These days I want to say, “I knew journey mapping before it was famous!” before speaking about Customer Journey Mapping (CJM). Over the past months, journey mapping has grown from a niche workshop in the land of business-to-consumer customer experience to being “on-trend” and fashionable. From ugly B2C duckling to elegant B2B swan, you might say. In fact, it is a hot topic across industries and one that I will be presenting on during two sessions at next week’s Technology World Services (TSW) conference in Last Vegas.
The transition is interesting viewed from the eye of the storm. The waves generated have conformed nicely to that of all adoption waves, with a number of bellwethers coming before the true market adoption. In its simplest form, CJM is just a way of visually illustrating a particular individual’s experience. Many organizations have these types of journey maps; they are great at communicating a particular story and generally focus on the best path through a series of interactions.
Some see this as all that journey maps have to offer. However, those visuals are just the snap-shots of the end of destination; they don’t answer the questions, “How do we get there?”,“Why are we going?”, or “How much is it going to cost?” You have to know where your starting point is before you can plot a course elsewhere. In order to do that as a product or services provider, you need to start with your customer and identify exactly what their experience is today. In summary, you need to understand:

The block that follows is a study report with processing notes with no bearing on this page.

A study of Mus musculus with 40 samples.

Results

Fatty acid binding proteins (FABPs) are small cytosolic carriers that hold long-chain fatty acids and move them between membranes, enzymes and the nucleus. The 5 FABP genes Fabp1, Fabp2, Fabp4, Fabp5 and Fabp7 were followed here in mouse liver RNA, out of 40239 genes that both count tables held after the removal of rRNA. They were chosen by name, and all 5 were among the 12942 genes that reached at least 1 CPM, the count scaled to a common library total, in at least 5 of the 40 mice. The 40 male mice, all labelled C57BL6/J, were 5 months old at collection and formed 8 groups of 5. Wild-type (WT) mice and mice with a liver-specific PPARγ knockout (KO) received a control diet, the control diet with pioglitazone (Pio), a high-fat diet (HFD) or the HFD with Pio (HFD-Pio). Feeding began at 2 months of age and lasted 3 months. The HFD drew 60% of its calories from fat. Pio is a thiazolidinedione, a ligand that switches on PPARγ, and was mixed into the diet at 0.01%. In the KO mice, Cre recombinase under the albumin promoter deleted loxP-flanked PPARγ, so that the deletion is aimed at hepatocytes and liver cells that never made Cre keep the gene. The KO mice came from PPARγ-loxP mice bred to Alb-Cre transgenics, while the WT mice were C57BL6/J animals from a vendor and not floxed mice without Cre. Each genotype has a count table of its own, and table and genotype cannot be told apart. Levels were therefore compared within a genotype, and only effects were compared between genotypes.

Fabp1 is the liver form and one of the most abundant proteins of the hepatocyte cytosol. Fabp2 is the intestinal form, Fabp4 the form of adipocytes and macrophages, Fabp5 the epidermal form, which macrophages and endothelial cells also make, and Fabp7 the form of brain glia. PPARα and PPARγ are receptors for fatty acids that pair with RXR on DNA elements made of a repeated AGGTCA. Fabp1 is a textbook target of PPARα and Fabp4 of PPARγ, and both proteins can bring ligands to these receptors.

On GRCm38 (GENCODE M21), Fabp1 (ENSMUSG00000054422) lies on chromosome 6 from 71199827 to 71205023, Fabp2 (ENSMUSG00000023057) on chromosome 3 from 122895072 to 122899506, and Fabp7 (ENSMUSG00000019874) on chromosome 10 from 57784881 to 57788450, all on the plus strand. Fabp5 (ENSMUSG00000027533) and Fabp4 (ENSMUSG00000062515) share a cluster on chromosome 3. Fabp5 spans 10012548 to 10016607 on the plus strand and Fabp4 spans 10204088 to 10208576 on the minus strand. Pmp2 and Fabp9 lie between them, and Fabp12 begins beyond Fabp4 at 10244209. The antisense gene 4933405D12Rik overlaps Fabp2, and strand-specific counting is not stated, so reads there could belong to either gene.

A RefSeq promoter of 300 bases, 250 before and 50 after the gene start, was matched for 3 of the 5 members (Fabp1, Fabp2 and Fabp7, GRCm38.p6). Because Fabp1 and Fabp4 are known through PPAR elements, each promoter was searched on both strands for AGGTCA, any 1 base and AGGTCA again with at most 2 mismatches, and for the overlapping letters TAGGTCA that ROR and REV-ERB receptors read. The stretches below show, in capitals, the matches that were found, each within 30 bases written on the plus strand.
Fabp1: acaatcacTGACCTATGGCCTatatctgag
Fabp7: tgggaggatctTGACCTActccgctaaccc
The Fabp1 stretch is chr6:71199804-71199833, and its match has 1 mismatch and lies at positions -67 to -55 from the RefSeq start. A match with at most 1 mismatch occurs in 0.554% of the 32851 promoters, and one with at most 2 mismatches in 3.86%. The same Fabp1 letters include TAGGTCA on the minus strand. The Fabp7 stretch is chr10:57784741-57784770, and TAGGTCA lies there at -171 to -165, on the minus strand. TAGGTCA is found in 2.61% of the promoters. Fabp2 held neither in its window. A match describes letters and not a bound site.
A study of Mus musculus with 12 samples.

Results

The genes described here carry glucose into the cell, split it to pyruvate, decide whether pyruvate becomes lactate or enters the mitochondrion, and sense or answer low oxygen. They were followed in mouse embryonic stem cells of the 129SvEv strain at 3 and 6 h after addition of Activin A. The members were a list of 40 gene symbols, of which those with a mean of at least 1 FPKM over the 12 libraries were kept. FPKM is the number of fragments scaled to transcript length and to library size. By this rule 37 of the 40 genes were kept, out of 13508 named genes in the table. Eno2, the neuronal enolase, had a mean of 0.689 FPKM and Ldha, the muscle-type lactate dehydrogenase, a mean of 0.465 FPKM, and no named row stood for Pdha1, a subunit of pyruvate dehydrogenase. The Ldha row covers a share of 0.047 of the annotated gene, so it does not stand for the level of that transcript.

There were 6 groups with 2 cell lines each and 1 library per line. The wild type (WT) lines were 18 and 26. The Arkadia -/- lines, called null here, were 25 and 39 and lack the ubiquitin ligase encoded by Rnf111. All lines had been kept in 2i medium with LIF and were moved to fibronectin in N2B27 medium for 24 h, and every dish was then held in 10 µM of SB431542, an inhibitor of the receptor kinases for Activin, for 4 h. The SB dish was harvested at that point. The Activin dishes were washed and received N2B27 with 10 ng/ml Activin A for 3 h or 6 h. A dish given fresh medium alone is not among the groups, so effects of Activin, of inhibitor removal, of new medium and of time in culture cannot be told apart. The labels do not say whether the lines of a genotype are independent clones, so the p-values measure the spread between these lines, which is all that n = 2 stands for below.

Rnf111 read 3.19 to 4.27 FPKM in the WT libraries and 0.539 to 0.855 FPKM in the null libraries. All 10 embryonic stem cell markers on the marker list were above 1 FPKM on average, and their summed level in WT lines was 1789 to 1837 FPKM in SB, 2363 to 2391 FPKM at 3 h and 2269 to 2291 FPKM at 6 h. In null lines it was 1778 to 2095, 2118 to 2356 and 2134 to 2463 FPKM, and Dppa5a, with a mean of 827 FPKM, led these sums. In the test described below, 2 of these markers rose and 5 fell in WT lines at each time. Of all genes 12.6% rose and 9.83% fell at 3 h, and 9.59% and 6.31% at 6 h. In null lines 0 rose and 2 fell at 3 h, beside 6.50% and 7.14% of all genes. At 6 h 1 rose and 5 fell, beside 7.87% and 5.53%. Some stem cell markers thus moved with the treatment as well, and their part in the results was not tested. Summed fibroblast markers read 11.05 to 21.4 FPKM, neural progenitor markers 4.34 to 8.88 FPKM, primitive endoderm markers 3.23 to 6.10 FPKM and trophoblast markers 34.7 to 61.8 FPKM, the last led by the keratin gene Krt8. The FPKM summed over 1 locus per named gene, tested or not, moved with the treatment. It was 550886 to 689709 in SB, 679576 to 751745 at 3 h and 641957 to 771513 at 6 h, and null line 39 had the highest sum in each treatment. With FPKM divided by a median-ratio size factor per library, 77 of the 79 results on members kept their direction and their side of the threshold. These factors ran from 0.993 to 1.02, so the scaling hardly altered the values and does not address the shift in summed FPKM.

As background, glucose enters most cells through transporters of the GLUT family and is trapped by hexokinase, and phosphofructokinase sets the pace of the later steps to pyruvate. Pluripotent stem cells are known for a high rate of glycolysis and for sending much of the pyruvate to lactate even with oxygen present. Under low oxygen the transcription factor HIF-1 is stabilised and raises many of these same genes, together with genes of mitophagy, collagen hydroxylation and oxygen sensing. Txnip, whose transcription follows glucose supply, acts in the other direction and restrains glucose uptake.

- What are today’s interactions and what the key drivers are for the individual or business,
- Who and what do they interact with?
- Why does it matter to change NOW?
- What is the cost of the current behaviour?
Once you have a comprehensive, customer-centric view of the current interaction, its cost and the true underlying tasks each customer wishes to achieve, you can define a pragmatic roadmap for which delivers against real customer needs and wants. What’s crucial is that this roadmap creates the right experience to deliver business results, otherwise it simply isn’t sustainable. “Appropriate experience” it has been called by some; maximizing the overall value, both for the customer and the business, is the way I prefer to look at it.
How this done is really no surprise. Speaking with customers and those individuals who interact directly with customers, check. Understanding customers’ expected experiences and those offered by competitors, check. Workshop style mapping session, with individuals from marketing, sales, support, IT, etc., check. Industry insight to refine ideas and bring fresh ones from companies solving similar “jobs to be done,” check. Oh, and displaying the results in a visual way, yes, that’s there, too.
If you are attending TSW in Las Vegas during October 23 – 25 and are interested to find out more about Customer Journey Mapping, it would be great to see you. I’ll be onstage for two sessions sharing an example of how ServiceSource has worked with Leica to map their journey, as well as some successful tactics ServiceSource deploys (and you can use!) during the journey mapping process.